Mixing It Up


In fact, Baltimore did not give up a single sack, and the offense generated 229 rushing yards, sixth-best in team history.

But, the unit's uneven showing was just that, as offensive coordinator Cam Cameron kept the Bengals on their heels by using an unbalanced formation up front.

At several points during the Week 1 contest, right tackle Adam Terry would set at his regular starting spot, then pop up and motion to the left, eventually landing next to left tackle Jared Gaither as tight end Todd Heap then stepped back off the line.

The Ravens were able use the added bulk on the left side to push Cincinnati's wall and gain chunks of yards in key situations.

"I don't know if it confused them. It looked like they lined up OK, but I think we executed it very well," said head coach John Harbaugh. "One time especially, Ray [Rice] picked up some yards right before halftime and got down inside the 5 [-yard line]. But we were [in] that [formation] a lot."

Cameron is taking a page from defensive coordinator Rex Ryan, who routinely moves his players like chess pieces. Defensive tackle Haloti Ngata has taken snaps at linebacker, linebacker Bart Scott sometimes drops as a safety and safety Jim Leonhard even lined up at nose guard on one play during the preseason.

The offensive equivalent is most obvious when 260-pound fullback Le'Ron McClain carries the ball behind the similarly-sized Lorenzo Neal, but the offensive line shift is more subtle.

"When I look at our defense, you see Haloti Ngata playing linebacker," Cameron said on Ravens GamePlan, which will air this Thursday on WBAL 1090 Radio. "You see linebackers playing safety. We want to have good, tough, hard-nosed football players that can play a multitude of positions.

"We just want to maximize what we have, if it gives the defense problems, it becomes a plus."

The strategy certainly worked against the Bengals. McClain rushed for a career-high 86 yards, the majority of which came during a dominating fourth quarter when the Ravens needed to drain time off the clock.

Ray Rice churned out 64 yards on the day, many of which came in the complicated formation.

The attack was diverse, as backs ran straight through holes created by pulling right guard Marshal Yanda, and they cut back against the overloaded defense.

"They had to have seen some matchups they liked," said former Ravens center Mike Flynn. "It forced the nose tackle to shift over the guard, and that helps the offensive line."

Such success is a testament to the way a young group – the Ravens' starting five have an average age of 24 – came together in the preseason after losing 11-time Pro Bowler Jonathan Ogden to retirement in June.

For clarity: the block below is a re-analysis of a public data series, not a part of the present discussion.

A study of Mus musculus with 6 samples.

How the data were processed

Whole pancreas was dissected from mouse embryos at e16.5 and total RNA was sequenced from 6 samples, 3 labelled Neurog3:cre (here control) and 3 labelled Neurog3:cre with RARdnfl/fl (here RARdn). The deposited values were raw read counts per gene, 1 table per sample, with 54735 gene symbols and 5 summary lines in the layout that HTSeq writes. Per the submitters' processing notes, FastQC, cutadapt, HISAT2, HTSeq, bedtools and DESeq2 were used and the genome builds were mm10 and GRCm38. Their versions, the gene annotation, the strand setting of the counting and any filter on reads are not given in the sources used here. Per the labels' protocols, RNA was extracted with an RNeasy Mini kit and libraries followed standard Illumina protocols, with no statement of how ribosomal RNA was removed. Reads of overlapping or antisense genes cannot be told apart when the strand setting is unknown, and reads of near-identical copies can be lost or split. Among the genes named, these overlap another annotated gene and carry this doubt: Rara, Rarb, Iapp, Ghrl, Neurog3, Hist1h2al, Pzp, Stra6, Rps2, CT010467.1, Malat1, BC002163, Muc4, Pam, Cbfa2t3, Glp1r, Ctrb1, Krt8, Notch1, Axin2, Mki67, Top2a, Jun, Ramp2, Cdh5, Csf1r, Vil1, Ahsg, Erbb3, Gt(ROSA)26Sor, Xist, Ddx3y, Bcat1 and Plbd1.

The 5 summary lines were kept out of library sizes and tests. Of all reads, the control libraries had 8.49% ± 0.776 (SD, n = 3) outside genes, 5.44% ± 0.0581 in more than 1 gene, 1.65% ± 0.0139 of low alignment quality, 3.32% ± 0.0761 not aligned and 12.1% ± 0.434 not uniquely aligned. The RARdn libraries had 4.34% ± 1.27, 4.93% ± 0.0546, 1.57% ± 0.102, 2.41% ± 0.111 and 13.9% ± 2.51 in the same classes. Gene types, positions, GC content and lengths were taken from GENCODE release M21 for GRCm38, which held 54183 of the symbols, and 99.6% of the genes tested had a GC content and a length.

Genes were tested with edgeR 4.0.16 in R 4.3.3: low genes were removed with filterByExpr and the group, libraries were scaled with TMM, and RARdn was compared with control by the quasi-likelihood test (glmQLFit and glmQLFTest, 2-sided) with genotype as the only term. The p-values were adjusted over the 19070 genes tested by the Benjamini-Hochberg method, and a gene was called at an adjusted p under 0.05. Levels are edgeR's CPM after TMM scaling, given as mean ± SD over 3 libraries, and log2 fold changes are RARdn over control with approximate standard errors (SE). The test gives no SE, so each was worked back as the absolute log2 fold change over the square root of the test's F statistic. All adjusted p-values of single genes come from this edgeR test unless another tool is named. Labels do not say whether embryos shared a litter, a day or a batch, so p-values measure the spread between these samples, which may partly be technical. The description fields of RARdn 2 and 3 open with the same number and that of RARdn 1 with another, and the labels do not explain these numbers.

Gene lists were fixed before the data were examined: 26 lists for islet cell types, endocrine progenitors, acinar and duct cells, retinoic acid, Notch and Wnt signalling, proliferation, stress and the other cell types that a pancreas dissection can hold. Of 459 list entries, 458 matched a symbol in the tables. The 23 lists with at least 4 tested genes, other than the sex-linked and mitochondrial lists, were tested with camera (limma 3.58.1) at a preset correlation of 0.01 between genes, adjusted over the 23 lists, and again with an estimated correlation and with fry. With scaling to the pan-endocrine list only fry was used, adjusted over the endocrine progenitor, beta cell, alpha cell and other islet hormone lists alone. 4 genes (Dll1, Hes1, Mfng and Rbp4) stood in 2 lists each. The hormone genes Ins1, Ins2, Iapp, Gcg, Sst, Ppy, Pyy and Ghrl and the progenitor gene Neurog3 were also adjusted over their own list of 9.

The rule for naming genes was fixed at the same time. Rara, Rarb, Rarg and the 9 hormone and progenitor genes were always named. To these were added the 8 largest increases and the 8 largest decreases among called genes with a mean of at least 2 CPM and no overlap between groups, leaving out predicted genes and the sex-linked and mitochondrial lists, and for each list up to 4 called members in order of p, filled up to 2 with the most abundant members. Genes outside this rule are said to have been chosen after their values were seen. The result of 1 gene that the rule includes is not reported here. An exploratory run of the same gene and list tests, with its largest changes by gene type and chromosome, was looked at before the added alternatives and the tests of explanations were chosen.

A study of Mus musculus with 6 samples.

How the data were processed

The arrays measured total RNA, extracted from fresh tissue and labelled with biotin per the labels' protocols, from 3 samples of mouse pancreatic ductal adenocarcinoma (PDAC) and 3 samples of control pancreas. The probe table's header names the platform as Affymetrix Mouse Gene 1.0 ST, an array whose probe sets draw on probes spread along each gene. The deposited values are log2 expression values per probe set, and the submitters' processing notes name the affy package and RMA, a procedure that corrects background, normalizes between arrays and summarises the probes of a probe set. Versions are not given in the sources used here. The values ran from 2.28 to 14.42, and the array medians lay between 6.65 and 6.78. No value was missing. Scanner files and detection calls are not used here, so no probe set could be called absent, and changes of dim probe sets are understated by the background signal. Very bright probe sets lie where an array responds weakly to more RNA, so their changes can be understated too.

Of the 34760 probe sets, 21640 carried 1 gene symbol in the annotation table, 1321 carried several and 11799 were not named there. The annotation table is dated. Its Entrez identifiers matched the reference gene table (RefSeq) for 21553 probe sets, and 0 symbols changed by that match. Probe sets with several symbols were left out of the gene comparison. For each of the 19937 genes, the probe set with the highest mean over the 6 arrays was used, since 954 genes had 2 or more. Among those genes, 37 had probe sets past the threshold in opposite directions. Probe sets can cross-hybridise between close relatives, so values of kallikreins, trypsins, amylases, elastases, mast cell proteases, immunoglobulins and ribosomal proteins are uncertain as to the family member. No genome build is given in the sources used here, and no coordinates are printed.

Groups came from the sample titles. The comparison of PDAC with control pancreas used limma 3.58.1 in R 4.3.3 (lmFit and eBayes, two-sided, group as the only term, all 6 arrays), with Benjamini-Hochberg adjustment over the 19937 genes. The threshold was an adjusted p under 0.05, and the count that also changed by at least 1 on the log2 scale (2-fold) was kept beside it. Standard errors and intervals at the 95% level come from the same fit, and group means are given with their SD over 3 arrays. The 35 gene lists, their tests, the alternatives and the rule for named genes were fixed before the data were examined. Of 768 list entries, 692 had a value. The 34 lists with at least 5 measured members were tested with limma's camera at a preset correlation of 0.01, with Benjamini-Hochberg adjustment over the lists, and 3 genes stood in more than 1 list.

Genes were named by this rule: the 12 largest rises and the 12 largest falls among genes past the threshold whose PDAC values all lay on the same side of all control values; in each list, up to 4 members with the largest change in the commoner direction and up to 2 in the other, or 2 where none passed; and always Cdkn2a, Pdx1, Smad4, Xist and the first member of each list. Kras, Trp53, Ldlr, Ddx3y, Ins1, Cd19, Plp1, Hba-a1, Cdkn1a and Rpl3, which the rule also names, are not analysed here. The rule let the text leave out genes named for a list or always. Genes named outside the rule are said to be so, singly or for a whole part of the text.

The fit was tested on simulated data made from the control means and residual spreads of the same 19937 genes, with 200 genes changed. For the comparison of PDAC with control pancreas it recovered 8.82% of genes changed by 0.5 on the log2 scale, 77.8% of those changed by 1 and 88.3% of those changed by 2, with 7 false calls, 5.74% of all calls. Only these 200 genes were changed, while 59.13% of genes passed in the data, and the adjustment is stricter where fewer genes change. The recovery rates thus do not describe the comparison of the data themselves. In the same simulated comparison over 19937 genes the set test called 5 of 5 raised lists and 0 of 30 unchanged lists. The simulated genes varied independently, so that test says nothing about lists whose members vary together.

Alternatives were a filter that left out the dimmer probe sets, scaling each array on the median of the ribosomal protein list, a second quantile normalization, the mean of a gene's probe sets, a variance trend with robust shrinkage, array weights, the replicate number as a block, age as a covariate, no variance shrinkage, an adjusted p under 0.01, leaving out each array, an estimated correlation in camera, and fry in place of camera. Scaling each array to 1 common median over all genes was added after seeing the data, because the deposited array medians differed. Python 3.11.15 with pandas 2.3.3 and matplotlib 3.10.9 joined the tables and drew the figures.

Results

"It's a start," said Terry. "We've got to do it next week and the week after that in order to say that's what we're about. But initially, it's a start."

Gaither agreed, saying, "I thought the O-line did great. We didn't give up any sacks. We gave up a few pressures, but we kept Joe [Flacco] clean. We just have a lot to work on, and we're going to look forward to Week 2, getting better and just making sure he doesn't get touched – no pressures.

"That's what we're aiming for – perfection."

There's no telling what tweaks Cameron will make to the offense this week when the Ravens begin preparations to face the Houston Texans at Reliant Stadium.  However, it's a safe bet that the unbalanced line will make an appearance again.

"It's nice when you get two guys that are 320-350 pounds side-by-side," Cameron said. "If you can put 700 pounds on a defensive end, you'd like to think you can dent the point of attack. Then if you put a 260-pound back behind those guys, you'd like to think you can get some yards."

Anderson to Take Field

The Ravens' line should welcome a new member this week, as Harbaugh said he expects former Bengals right tackle Willie Anderson to practice. Anderson, a four-time Pro Bowler, signed Sept. 5.

Transactions

To make room for cornerbacks Fabian Washington and Derrick Martin, both of whom were suspended for Week 1, the Ravens released offensive tackle Mike Kracalik and kicker Steve Hauschka.

Baltimore also brought back tight end Edgar Jones to the practice squad. Jones was originally waived so the Ravens could add Anderson to the active roster.

Tight end Nate Lawrie was released from the Ravens' eight-man practice squad.